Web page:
Eli Perkins and my hired girl were very near together. She said, “You shan't do so,” and he dosoed. She also said she would get right up and go away, and as an evidence that she was thoroughly in earnest about it, she remained where she was.

They are married now, and Mr. Perkins is troubled no more with the headache.

This year we are planting corn. Mr. Perkins writes me that “ on accounts of no skare krows bein put up krows cum and digged fust crop up but soon got nother in. Old Bisbee who was frade youd cut his sons leggs off Ses you bet go an stan up in feeld yrself with dressin gownd on & gesses krows will keep away. This made Boys in store larf. no More terday from

“Yours respecful


“his letter." My friend Mr. D. 'T. T. Moore, of the Rural New Yorker, thinks if I “keep on” I will get in the Poor House in about two years.

If you think the honest old farmers of Barclay County want me, I will come. Truly Yours,



ELIZABETH BARRETT BROWNING, an English poetess, born at Durham in 1806; died at Florence, Italy, in 1861. She was the daughter of a clergyman named Barrett, and had an unusual education for a girl of her day, as she took up the classical studies usually pursued by university men. Her first poems appeared · when she was but sixteen. In 1838 the “Seraphim and Other Poems” was given to the public. In 1846 she married Robert Browning. Among her noted works are “The Rhyme of the Duchess May,” “ The Romaunt of Margret,” and the great translation of “Prometheus Bound.”

W HAT was he doing, the great god Pan,

Down in the reeds by the river?
Spreading ruin and scattering ban,
Splashing and paddling with hoofs of a goat,
And breaking the golden lilies afloat

With the dragon-fly on the river?
He tore out a reed, the great god Pan,

From the deep, cool bed of the river.
The limpid water turbidly ran,
And the broken lilies a-dying lay,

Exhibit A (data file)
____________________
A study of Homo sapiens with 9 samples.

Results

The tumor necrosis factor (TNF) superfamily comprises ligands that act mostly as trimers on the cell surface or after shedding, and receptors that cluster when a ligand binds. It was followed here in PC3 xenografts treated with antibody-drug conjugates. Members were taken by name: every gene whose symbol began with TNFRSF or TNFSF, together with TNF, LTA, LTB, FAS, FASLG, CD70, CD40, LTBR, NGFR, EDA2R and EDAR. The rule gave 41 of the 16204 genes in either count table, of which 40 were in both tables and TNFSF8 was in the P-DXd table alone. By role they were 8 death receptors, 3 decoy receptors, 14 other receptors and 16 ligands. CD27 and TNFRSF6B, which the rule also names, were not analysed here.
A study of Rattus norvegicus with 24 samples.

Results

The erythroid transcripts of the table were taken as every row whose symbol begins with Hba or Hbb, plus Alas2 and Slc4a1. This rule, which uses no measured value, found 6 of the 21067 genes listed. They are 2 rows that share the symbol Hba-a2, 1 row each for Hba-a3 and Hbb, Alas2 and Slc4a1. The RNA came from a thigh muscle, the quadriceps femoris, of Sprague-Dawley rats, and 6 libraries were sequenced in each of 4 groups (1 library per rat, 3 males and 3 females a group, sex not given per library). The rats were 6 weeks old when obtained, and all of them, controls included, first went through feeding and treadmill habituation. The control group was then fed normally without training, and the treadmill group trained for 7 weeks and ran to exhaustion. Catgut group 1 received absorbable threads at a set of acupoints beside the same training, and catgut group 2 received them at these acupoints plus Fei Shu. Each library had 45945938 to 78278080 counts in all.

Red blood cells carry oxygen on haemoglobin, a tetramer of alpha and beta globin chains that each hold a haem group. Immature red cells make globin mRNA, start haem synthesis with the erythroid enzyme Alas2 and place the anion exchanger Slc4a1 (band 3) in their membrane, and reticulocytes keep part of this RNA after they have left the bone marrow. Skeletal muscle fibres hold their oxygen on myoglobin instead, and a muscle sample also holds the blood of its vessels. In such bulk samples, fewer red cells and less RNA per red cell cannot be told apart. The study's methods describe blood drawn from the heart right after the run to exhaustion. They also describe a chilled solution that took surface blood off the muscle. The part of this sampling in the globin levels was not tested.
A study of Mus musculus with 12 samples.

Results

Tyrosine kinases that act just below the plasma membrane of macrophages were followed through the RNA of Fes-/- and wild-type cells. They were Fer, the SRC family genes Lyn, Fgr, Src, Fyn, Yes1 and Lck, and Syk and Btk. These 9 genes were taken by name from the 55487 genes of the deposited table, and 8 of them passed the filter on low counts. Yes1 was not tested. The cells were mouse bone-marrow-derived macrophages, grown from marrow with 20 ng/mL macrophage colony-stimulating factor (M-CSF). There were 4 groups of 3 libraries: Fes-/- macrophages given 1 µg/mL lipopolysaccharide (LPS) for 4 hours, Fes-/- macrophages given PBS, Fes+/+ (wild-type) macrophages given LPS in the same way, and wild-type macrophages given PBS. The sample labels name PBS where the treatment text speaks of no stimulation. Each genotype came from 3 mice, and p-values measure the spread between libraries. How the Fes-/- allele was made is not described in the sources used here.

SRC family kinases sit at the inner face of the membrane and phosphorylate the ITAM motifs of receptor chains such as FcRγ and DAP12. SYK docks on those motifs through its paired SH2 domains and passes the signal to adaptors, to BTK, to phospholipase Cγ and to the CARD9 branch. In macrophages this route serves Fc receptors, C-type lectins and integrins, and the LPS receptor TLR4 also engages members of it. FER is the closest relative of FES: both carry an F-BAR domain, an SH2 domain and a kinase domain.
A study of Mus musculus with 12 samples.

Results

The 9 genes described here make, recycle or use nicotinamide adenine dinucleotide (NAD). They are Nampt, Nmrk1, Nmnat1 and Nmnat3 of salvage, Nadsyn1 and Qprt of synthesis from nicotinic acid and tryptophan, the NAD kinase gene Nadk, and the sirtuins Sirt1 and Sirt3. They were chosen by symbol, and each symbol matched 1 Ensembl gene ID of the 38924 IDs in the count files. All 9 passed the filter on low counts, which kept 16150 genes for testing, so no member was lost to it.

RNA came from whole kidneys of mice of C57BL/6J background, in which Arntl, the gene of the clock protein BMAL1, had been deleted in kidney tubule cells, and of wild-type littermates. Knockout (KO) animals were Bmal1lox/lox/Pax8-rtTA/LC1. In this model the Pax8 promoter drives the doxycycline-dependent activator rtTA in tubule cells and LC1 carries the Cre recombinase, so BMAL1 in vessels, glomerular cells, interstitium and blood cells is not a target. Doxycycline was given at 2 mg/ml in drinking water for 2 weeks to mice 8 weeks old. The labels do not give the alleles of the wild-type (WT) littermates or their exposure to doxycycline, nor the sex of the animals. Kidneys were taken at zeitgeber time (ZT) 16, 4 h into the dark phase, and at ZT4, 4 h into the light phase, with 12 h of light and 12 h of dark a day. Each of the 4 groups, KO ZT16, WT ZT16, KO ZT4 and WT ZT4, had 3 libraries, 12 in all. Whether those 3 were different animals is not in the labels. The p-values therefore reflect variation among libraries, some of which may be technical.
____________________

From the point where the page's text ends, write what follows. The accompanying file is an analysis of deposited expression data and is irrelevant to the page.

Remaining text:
And the dragon-fly had fled away,

Ere he brought it out of the river.
High on the shore sate the great god Pan,

While turbidly flow'd the river,
And hack'd and lew'd as a great god can
With his hard, bleak steel at the patient reed,
Till there was not a sign of a leaf indeed

To prove it fresh from the river.

He cut it short, did the great god Pan

(How tall it stood in the river!)
Then drew the pith like the heart of a man,
Steadily from the outside ring,
Then notch'd the poor, dry, empty thing

In holes as he sate by the river.

“ This is the way,” laugh'd the great god Pan

(Laugh'd while he sate by the river), “The only way since gods began To make sweet music, they could succeed.” Then dropping his mouth to a hole in the reed,

He blew in power by the river.

Sweet, sweet, sweet, O Pan,

Piercing sweet by the river!
Blinding sweet, O great god Pan!
The sun on the hill forgot to die,
And the lilies revived, and the dragon-fly

Came back to dream on the river.

Yet half a beast is the great god Pan,

To laugh, as he sits by the river, Making a poet out of a man. The true gods sigh for the cost and the pain, For the reed that grows nevermore again

As a reed with the reeds of the river.

"He giveth His beloved sleep.”—Psalm cxxvii. 2
of all the thoughts of God that are

Borne inward unto souls afar
Along the Psalmist's music deep,
Now tell me if that any is
For gift or grace surpassing this,-
“He giveth His beloved sleep” ?

What would we give to our beloved?
The hero's heart to be unmoved,

The poet's star-tuned harp to sweep, The patriot's voice to teach and rouse, The monarch's crown to light the brows?

“He giveth His beloved sleep."

What do we give to our beloved?
A little faith all undisproved,

A little dust to overweep,
And bitter memories to make
The whole earth blasted for our sake.

“He giveth His beloved sleep."

s« Sleep soft, beloved ! ” we sometimes say, But have no tune to charm away

Sad dreams that through the eyelids creep But never doleful dream again Shall break the happy slumber when

“He giveth His beloved sleep.”

D earth, so full of dreary noises !
o men, with wailing in your voices !

O delvèd gold, the wailers heap!
O strife, () curse, that o'er it fall!
God strikes a silence through you all,

And giveth His beloved sleep.”

His dews drop mutely on the hill,
His cloud above it saileth still,

Though on its slope men sow and reap.
More softly than the dew is shed,
Or cloud is floated overhead,

“He giveth His beloved sleep.”

Ay, men may wonder while they scan
A living, thinking, feeling man,

Confirm'd in such a rest to keep;
But angels say—and through the word
I think their happy smile is heerd-

“He giveth His beloved sleep."

For me, my heart, that erst did go
Most like a tired child at a show,

That sees through tears the mummers leap,
Would now its weary vision close,
Would childlike on His love repose

Who "giveth His beloved sleep!”

And, friends, dear friends, when it shall be
That this low breath is gone from me,

And round my bier ye come to weep,
Let one, most loving of you all,
Say, “Not a tear must o'er her fall,

He giveth His beloved sleep.”


TNOUGH ! we're tired, my heart and I.

We sit beside the headstone thus, And wish that name were carved for us. The moss reprints more tenderly

The hard types of the mason's knife,

As heaven's sweet life renews earth's life With which we're tired, my heart and I.